Phytochemically rich dietary components and the risk of colorectal cancer: A systematic review and meta-analysis of observational studies

World J Clin Oncol. 2021 Jun 24;12(6):482-499. doi: 10.5306/wjco.v12.i6.482.


Background: Personalized nutrition and protective diets and lifestyles represent a key cancer research priority. The association between consumption of specific dietary components and colorectal cancer (CRC) incidence has been evaluated by a number of population-based studies, which have identified certain food items as having protective potential, though the findings have been inconsistent. Herein we present a systematic review and meta-analysis on the potential protective role of five common phytochemically rich dietary components (nuts, cruciferous vegetables, citrus fruits, garlic and tomatoes) in reducing CRC risk.

Aim: To investigate the independent impact of increased intake of specific dietary constituents on CRC risk in the general population.

Methods: Medline and Embase were systematically searched, from time of database inception to January 31, 2020, for observational studies reporting CRC incidence relative to intake of one or more of nuts, cruciferous vegetables, citrus fruits, garlic and/or tomatoes in the general population. Data were extracted by two independent reviewers and analyzed in accordance with the Meta-analysis of Observational Studies in Epidemiology (MOOSE) and Preferred Reporting Items for Systematic Review and Meta-analysis (PRISMA) reporting guidelines and according to predefined inclusion/exclusion criteria. Effect sizes of studies were pooled using a random-effects model.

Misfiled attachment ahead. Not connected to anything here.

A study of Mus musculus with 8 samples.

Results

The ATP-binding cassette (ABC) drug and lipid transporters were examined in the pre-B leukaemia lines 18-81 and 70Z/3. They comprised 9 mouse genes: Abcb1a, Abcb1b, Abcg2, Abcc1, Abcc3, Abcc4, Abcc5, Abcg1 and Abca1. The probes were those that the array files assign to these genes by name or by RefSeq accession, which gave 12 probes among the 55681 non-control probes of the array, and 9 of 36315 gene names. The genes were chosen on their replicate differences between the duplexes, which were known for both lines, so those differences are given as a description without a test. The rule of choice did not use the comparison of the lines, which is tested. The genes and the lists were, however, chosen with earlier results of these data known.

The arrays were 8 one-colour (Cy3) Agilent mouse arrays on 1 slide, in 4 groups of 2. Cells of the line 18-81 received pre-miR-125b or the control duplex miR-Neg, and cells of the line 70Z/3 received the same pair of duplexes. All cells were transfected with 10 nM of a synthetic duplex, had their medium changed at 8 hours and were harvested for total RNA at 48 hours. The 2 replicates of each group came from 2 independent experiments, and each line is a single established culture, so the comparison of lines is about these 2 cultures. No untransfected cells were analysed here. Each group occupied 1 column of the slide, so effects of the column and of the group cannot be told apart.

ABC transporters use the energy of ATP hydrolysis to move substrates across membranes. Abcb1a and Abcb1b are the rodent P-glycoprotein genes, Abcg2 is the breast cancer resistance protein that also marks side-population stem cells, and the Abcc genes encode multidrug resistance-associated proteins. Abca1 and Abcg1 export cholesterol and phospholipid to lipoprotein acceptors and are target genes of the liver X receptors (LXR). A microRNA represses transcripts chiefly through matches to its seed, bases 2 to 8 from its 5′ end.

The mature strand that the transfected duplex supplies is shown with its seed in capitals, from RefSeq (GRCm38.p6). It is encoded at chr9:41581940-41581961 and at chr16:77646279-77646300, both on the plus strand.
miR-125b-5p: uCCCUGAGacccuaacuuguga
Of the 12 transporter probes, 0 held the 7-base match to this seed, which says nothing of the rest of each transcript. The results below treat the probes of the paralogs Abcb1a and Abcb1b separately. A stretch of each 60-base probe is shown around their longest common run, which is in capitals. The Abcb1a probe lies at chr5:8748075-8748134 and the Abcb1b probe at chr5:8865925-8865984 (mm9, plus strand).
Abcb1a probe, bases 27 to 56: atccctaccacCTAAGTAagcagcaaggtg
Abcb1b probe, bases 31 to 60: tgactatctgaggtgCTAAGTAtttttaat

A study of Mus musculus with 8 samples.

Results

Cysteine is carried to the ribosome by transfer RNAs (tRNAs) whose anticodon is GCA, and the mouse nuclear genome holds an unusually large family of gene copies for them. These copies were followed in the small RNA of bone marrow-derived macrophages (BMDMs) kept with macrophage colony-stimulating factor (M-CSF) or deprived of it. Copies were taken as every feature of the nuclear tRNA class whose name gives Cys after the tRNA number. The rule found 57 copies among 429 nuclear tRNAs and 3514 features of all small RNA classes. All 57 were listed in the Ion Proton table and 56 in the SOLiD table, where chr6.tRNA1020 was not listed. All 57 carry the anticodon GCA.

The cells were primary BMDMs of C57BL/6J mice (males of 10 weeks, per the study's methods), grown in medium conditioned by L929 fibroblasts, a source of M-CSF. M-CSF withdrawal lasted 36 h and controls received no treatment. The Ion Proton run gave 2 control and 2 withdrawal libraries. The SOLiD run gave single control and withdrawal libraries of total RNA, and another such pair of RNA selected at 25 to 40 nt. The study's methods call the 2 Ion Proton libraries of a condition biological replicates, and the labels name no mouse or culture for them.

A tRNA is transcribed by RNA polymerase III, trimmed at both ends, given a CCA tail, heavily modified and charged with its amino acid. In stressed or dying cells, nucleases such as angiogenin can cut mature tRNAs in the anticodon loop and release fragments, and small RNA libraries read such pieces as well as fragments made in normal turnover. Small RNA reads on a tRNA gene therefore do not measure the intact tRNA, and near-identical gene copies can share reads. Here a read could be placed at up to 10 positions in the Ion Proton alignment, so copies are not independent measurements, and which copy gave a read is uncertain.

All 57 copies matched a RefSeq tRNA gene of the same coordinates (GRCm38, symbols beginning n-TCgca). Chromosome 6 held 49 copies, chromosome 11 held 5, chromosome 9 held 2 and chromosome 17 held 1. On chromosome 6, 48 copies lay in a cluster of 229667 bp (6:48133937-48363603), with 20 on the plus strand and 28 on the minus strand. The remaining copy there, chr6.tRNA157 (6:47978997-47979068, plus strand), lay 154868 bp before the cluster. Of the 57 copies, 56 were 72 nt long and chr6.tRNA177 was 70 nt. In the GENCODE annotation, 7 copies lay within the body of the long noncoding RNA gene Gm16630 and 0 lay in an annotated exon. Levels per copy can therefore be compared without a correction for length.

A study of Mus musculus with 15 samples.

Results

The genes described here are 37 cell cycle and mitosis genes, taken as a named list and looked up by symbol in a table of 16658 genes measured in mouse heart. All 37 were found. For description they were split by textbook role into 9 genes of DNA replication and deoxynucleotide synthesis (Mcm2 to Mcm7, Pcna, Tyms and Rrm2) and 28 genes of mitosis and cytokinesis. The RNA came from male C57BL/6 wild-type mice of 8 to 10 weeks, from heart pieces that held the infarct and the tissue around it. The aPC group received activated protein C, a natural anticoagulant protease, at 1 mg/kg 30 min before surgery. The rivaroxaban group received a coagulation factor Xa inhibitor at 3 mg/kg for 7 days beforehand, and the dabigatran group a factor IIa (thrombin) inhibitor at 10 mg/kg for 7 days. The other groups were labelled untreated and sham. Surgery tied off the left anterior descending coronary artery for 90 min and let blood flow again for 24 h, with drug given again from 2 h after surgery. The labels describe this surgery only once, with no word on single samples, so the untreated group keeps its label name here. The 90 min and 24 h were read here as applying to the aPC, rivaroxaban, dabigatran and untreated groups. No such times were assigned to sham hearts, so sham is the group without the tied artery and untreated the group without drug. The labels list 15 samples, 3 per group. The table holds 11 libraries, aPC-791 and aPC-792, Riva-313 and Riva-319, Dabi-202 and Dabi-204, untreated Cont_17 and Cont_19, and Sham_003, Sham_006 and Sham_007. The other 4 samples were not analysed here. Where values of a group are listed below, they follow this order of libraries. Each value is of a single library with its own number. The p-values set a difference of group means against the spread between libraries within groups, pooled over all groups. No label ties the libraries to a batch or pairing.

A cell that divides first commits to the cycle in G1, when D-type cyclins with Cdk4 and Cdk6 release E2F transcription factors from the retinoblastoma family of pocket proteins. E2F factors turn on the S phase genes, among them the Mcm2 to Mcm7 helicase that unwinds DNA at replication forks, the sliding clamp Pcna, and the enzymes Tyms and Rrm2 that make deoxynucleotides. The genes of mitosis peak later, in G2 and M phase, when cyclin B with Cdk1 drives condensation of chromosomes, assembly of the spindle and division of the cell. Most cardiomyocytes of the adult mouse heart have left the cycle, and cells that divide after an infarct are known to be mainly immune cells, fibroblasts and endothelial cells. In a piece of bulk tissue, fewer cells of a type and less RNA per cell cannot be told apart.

Results: Forty-six studies were identified. CRC risk was significantly reduced in patients with higher vs lower consumption of cruciferous vegetables [odds ratio (OR) = 0.90; 95% confidence interval (CI): 0.85-0.95; P < 0.005], citrus fruits (OR = 0.90; 95%CI: 0.84-0.96; P < 0.005), garlic (OR = 0.83; 95%CI: 0.76-0.91; P < 0.005) and tomatoes (OR = 0.89; 95%CI: 0.84-0.95; P < 0.005). Subgroup analysis showed that this association sustained when looking at case-control studies alone, for all of these four food items, but no significant difference was found in analysis of cohort studies alone. Nut consumption exhibited a similar trend, but overall results were not significant (OR = 0.72; 95%CI: 0.50-1.03; P < 0.07; I 2 = 90.70%). Putative anticarcinogenic mechanisms are proposed using gene-set enrichment analysis of gene/protein perturbations caused by active compounds within each food item.

Conclusion: Increased cruciferous vegetable, garlic, citrus fruit and tomato consumption are all inversely associated with CRC risk. These findings highlight the potential for developing precision nutrition strategies for CRC prevention.

Keywords: Colorectal cancer; Diet; Disease prevention; Meta-analysis; Nutrigenomics; Risk.